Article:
Desert Tortoise Council: Regular Grants Program

Desert Tortoise Council


Deadline: Rolling

Applicant type: Individuals Organizations

Funding uses: Education / Outreach, Research, Project / Program

Location of project: Mexico, Arizona, Nevada, Counties in California: Imperial County, Inyo County Show all

Location of residency: Anywhere in the world



NOTE: Timing of Submissions: Grant Requests may be submitted at any time; however, because the Board of Directors requires at least 30 days to review requests prior to voting, and because voting only may be accomplished at Board meetings (held three times per year), response times may vary. The Grants Committee Chairperson will notify the applicant of anticipated response time at the time of submission.

Regular Grants Program

The Desert Tortoise Council encourages activities and research that benefit desert tortoises and/or their habitats, provide information or service to the public, or address other appropriate conservation issues in manners consistent with the goals and objectives of the Desert Tortoise Council.

The Desert Tortoise Council will consider Grant Requests from qualified individuals or organizations for research or other activities on topics related to the biology, conservation, or management of desert tortoises; the development and dissemination of educational material about desert tortoises; or in support of other imperiled tortoises, turtles, and ecosystems. All Grant Requests are evaluated and awarded as funds are available, at the sole discretion of a majority vote of the Board.

Grant Request Policy

The Desert Tortoise Council (Council) encourages activities and research that benefit desert tortoises and/or their habitats, provide information or service to the public, or address other appropriate conservation issues in manners consistent with the goals and objectives of the Council as provided in the bylaws, including:

  • Bylaws, Article II, Section 2, c. To support, and be an advocate of, such measures as will contribute to ensuring the continued survival of desert tortoises and the maintenance of their habitats in a natural condition;
  • Bylaws, Article II, Section 2, d. To stimulate and encourage studies on the ecology, biology, management, and protection of desert tortoises;
  • Bylaws, Article II, Section 2, e. To gather and disseminate information on the desert tortoise and its habitat, and to be an advocate of science-based management;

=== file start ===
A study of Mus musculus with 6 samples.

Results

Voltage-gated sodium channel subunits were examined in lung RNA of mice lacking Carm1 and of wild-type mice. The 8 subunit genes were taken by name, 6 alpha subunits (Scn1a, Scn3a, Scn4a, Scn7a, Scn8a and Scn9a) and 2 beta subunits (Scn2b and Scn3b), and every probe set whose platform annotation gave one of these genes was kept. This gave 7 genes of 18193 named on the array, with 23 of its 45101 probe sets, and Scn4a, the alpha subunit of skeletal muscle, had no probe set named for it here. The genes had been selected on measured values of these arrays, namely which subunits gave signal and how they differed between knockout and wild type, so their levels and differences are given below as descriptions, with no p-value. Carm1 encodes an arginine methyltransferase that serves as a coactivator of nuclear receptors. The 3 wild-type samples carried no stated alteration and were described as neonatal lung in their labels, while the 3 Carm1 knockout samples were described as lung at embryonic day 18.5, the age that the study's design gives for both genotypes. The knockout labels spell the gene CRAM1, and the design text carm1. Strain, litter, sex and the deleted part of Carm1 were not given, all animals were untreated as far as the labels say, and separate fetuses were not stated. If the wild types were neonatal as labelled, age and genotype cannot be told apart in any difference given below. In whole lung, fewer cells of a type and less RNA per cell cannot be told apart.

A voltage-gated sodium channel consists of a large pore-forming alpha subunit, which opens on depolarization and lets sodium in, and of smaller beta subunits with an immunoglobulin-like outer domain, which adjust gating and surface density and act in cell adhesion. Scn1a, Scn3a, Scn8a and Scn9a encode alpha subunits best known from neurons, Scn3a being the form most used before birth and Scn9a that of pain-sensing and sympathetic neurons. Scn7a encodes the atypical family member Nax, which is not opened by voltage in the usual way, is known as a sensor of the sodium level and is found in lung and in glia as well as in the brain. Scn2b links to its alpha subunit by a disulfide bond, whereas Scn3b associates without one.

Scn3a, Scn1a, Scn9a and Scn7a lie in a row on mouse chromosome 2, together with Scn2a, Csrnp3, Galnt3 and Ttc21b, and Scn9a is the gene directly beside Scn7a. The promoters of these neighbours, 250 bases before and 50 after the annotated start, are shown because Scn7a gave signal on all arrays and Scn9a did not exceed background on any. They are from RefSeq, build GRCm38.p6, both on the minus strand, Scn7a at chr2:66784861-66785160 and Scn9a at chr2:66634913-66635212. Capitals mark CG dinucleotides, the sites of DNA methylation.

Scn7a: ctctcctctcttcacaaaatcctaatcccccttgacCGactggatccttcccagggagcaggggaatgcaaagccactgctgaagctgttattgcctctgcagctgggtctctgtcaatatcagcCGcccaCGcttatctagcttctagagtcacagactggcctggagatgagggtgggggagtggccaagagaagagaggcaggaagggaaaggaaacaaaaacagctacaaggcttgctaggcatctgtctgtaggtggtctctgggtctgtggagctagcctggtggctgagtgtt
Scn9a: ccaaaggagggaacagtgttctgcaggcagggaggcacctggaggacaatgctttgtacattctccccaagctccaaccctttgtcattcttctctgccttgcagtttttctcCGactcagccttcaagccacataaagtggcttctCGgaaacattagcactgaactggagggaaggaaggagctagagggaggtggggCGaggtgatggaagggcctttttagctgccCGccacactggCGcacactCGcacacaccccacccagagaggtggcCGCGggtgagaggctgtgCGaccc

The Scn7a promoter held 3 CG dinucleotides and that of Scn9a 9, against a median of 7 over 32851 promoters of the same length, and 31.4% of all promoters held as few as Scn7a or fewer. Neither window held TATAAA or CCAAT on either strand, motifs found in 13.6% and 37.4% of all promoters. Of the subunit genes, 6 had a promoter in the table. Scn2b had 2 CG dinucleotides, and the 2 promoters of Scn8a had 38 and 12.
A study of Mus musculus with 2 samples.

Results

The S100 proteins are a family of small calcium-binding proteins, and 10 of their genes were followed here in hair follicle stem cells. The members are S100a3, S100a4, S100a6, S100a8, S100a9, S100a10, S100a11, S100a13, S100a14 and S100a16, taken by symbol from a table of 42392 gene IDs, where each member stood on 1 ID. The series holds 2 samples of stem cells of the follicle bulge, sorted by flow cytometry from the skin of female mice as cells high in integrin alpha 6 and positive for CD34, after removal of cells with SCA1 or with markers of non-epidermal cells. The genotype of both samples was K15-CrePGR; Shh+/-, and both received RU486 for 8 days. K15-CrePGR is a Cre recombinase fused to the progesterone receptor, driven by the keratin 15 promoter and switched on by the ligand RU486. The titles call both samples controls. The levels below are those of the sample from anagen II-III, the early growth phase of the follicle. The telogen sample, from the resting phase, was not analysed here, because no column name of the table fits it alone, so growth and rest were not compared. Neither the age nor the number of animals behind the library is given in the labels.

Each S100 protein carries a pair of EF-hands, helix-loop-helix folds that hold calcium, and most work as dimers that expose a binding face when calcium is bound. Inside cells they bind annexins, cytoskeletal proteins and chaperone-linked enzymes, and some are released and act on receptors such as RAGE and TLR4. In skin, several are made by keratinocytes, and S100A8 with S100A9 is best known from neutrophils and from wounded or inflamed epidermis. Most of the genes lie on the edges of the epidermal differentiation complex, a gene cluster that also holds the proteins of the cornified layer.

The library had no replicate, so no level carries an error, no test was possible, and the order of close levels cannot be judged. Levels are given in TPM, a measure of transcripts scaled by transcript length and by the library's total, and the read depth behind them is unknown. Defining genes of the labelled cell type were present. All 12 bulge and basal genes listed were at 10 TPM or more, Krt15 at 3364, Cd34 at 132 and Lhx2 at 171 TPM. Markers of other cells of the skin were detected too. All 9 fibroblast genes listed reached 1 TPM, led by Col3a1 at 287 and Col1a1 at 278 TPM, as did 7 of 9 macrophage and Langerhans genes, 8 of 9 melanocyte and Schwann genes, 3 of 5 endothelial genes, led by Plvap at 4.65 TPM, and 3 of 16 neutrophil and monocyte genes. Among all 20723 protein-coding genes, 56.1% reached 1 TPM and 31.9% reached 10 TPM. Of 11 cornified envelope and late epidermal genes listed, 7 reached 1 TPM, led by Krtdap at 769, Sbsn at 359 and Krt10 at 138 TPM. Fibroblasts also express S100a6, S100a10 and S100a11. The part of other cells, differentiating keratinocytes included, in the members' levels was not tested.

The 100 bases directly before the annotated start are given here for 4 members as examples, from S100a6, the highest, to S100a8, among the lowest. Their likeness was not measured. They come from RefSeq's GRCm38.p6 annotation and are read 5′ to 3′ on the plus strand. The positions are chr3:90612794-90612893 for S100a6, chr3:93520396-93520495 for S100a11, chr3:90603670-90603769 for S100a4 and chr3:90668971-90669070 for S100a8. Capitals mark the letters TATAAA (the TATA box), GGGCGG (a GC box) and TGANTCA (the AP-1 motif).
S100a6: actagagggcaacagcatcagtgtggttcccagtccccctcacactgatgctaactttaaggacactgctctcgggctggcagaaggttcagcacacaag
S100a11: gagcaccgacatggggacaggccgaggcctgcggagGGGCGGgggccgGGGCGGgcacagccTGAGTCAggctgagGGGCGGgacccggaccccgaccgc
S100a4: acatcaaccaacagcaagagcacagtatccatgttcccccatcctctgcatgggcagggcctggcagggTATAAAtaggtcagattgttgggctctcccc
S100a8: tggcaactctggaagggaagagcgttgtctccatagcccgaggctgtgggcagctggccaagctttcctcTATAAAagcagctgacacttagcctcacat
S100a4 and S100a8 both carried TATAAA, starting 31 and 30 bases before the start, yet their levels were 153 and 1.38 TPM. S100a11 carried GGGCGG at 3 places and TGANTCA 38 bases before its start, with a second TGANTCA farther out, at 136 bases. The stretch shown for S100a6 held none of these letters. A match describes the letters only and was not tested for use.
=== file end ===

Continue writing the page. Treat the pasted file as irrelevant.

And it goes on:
• Bylaws, Article II, Section 2, f. To maintain active public information and conservation education programs; and
  • Bylaws, Article II, Section 2, g. To support conservation actions for the protection of other tortoises, turtles, and ecosystems, as appropriate.

Consistent with the Council’s interest in conservation activities and research, the Council, through its Board of Directors (Board), will consider Grant Requests from qualified individuals or organizations for research or other activities on topics related to the biology, conservation, or management of desert tortoises; the development and dissemination of educational material about desert tortoises; or in support of other imperiled tortoises, turtles, and ecosystems. All Grant Requests are evaluated and awarded as funds are available, at the sole discretion of a majority vote of the Board. Guidelines for submitting a Grant Request for funding by the Council follow.

You can learn more about this opportunity by visiting the funder's website.

Eligibility:

  • Generally, Grant Requests of $500 to $10,000 will be considered as appropriate to the project and the availability of funds. Higher levels of funding may be considered on a case‐by‐case basis.

Preferences:

  • Priority consideration for funding will be given to:
    • Projects that are in response to a specific emergency situation that may result in tortoise mortality and/or loss of habitat.
    • Projects that have the potential to address far‐reaching issues.
    • Projects that address a current management issue that is important for recovery and is not being addressed by public agencies or other entities.
    • Projects that can be implemented quickly and provide demonstrable results.
    • Projects for which Council funding would leverage other funding sources.s.